Zappos use of QR: Multi-C Best Practice
Zappos use of QR: Multi-C Best Practice
Another one from Mobile Commerce Daily. I think this is a really good way of using QR codes – create consumer engagement, and provide a clear and strong call to action. I was SO DISAPPOINTED with the Sportsgirl QR campaign earlier this year – who cared, there didn’t seem to be any relevent content, and there was no call to action. Mobile is an action device – so why not use it for such???
When I read this article, I was reminded about how the best mail pieces work e.g. Readers Digest, IMP, Mills & Boon. OK, they are not pretty and don’t win awards, but they were designed for involvement, leading people through and offer and create a strong call to action. Mobile ads and campaigns that employ the same strategy, like the Zappos example below, have cracked the code I think.
So are mobile ads the new millennial mail packs? I think they could be! See below and tell me what you think.
Zappos.com builds brand awareness via QR codes
NEW YORK – Mobile bar codes are an effective way to leverage a brand’s existing marketing efforts and build brand awareness, according to a Zappos executive who presented at OMMA Global.
Online retailer Zappos.com recently tested the mobile waters with mobile bar codes. In addition to mobile bar codes, the company also combines its marketing efforts with digital and social initiatives.
“Zappos sells more than just shoes, so how do we get people to know that?” said Liz Dizon, brand marketing manager at Zappos.com, Henderson, NV.
If the shoe fits
One of the main goals of Zappos.com’s mobile campaign was to leverage the retailer’s already existent content and make it more engaging for consumers.
“We wanted to make each opportunity for a consumer to engage with us a positive experience that reflects our brand,” Ms. Dizon said.
Zappos.com is a retailer that is known for its customer service.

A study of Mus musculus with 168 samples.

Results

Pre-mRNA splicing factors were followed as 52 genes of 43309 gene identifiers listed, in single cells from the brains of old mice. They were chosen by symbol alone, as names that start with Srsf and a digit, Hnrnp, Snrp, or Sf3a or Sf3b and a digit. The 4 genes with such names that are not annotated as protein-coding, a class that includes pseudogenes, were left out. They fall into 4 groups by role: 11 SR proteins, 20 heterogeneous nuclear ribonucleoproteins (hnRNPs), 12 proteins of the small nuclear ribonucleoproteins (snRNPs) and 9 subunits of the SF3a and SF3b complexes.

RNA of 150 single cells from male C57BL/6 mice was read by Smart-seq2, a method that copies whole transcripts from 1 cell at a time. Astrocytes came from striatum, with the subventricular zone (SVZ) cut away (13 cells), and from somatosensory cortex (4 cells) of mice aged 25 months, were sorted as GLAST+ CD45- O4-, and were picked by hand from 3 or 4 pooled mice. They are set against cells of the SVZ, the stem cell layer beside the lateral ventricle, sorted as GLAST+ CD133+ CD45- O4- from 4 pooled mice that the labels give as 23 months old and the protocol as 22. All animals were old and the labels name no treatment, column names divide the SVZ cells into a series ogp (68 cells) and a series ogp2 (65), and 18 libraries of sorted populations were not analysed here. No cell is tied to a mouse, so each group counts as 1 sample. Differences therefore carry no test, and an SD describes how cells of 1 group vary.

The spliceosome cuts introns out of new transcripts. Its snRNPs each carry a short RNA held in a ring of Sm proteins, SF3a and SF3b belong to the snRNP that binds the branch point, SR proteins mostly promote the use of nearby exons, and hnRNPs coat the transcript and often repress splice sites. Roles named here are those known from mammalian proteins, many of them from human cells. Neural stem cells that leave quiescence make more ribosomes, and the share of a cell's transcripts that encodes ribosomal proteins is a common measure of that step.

The company has also learned that its users are busy on-the-go women who expect the same level of customer service on their mobile devices.
Zappos.com worked with advertising agency Mullen on its mobile efforts.
“Zappos’ target audience wants to participate in marketing and had a simple message in mind,” said Tim Vaccarino, group creative director at Mullen, Boston.
Zappos integrated mobile bar codes into magazine advertisements with two separate campaigns that were targeted at different demographics – women with casual styles and women who prefer trendy fashion pieces.
To target the casual-dressing woman, the retailer played off paper dolls as a theme of ads that included a QR code.
When consumers scanned the code, they were prompted to dress a model by swiping through outfits. Once users finished putting together a look, they were directed to Zappo’s site to purchase items directly.
Some of the ads that ran in September magazines included additional content via QR codes with videos and social media that led users to style videos and Twitter handles.
Zappos took a riskier approach with a print campaign that was targeted towards stylish consumers.
The second set of ads that included QR codes showed people stripped of all clothing with bars across them to drive home the point that Zappos sells clothing and accessories in addition to shoes.
Consumers who scanned the codes could view a video that expands on the particular scene in the advertisement.
Again, users were promoted to shop the Zappos collection after watching the video.
Liz Dizon, brand marketing manager at Zappos.com, Henderson, NV
Multichannel is key
Mobile bar codes are an easy way for brands and retailers to interact with consumers.
However, mobile bar codes have to have a strong value and cannot be slapped on just any print material without a clear call to action for consumers.
By using mobile bar codes, Zappos was able to leverage existing content with a mobile aspect.
In addition to mobile, Zappos incorporated other digital advertising into the campaign.
Zappos is not the only retailer that is realizing the possibilities of adding mobile to campaigns.
Most recently, JCPenney began a campaign that used mobile bar codes to drive sales via a commerce-enabled site (see story).
“It’s not enough to passively throw out a message to consumers anymore,” Mr. Vaccarino said. “People want to be a part of your brand now.”